Jallikkattu Malayalam Movie Review
The more you interpret this film, the more it becomes beautiful. Though a tenuous tale to offer, 'Jallikattu' attains its unique status with the aid of its powerful tropes and imagery. It seems filmmaker Lijo Jose Pellissery> has taken 'let the visuals speak' stance as the poetic and stunning visuals overpower dialogues befittingly to convey what the director intends. His sharpened satiric approach hardly falters in the metaphoric, and at the same time, realistic narration.
The film is an equal coalesce of wild mystery and eerie effects on a premise that is set in a high-range at Kattappana, Idukki. The series of interesting closeup shots in the opening scene emphasizes the importance of buffalo meat in the life of villagers.
There are lust, an illicit affair, moral policing, ignored old age man, and Man's greed and humbug to appear in this 90 minutes and 30 seconds film. The frenzy and commotion commence when the buffalo kept in a makeshift abattoir, run by Varky (Chemban Vinod), flees for its life. As the visuals rightly mention, buffalo meat is inevitable for the villagers. Varky along with his helper Antony (Antony Varghese) begins their search for the buffalo which went berserk in the village. No sooner did the news spread, than the villagers come in large numbers to find the buffalo.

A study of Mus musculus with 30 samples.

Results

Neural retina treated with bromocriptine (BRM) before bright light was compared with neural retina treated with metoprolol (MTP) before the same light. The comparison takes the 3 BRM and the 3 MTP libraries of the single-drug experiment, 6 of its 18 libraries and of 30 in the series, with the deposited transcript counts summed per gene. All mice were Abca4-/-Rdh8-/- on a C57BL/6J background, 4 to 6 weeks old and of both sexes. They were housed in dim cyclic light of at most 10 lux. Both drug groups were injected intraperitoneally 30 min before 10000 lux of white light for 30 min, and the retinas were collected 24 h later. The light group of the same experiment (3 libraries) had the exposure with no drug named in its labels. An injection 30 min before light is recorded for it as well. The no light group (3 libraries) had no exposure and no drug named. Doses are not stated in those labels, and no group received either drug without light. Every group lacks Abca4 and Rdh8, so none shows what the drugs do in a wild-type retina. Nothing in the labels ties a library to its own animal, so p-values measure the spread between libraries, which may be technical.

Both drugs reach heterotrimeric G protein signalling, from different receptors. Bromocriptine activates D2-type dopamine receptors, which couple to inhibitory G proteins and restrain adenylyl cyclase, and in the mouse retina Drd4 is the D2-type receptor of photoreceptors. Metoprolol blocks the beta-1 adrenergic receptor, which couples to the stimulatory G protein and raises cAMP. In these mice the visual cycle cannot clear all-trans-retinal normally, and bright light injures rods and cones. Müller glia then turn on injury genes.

Kuttachan, played by Sabumon, arrives at the spot for shooting the buffalo. Antony and Kuttachan are at loggerheads as the former had betrayed the latter a few years ago. Antony has a crush on Varky's sister Sophie (Santhy Balachandran) but she never reciprocates it positively. In one of the scenes where a daughter, who returns home after failing her bid to elope with another youth, and her father, who was caught from a women's house, enter the house at the same time. But none of them are aware of their situations with each other. With minimal dialogues, scenes like these are thought-provoking albeit they bring a smile on your lips all of a sudden.
The simple plot of 'Jallikattu' is written by Hareesh. S and R Jayakumar but the intensity strikes the viewers brilliantly. Like his previous films, Lijo's treatment is inimitable, to say the least, and he conceives it with humongous visual potential. The symbolic elements like tropes remind you that Man reminds as savage at heart in certain situations in life. The background score by Prashant Pillai exquisitely sustains the mood of the film, and it's somewhat like taking you to a fantasy terrain.
Cinematographer Gireesh Gangadharan makes you have a lump in your throat, and it would not be exaggerated to say that the visuals, particularly at night, are really captivating. The signature shots that you find in a Lijo movie are also appearing here. Besides, there are some painstakingly conceived frames that emphatically heralds the effort and hard work behind the camera by Gireesh.
Obviously, Lijo's craft is the hero here; with the least scope for characters to perform. Deviating from the copybook style (as he always does), the filmmaker has brilliantly utilized his amazing sense of lighting pattern and story-telling magic! Where are we frantically heading to? 'Jallikattu' has myriad answers!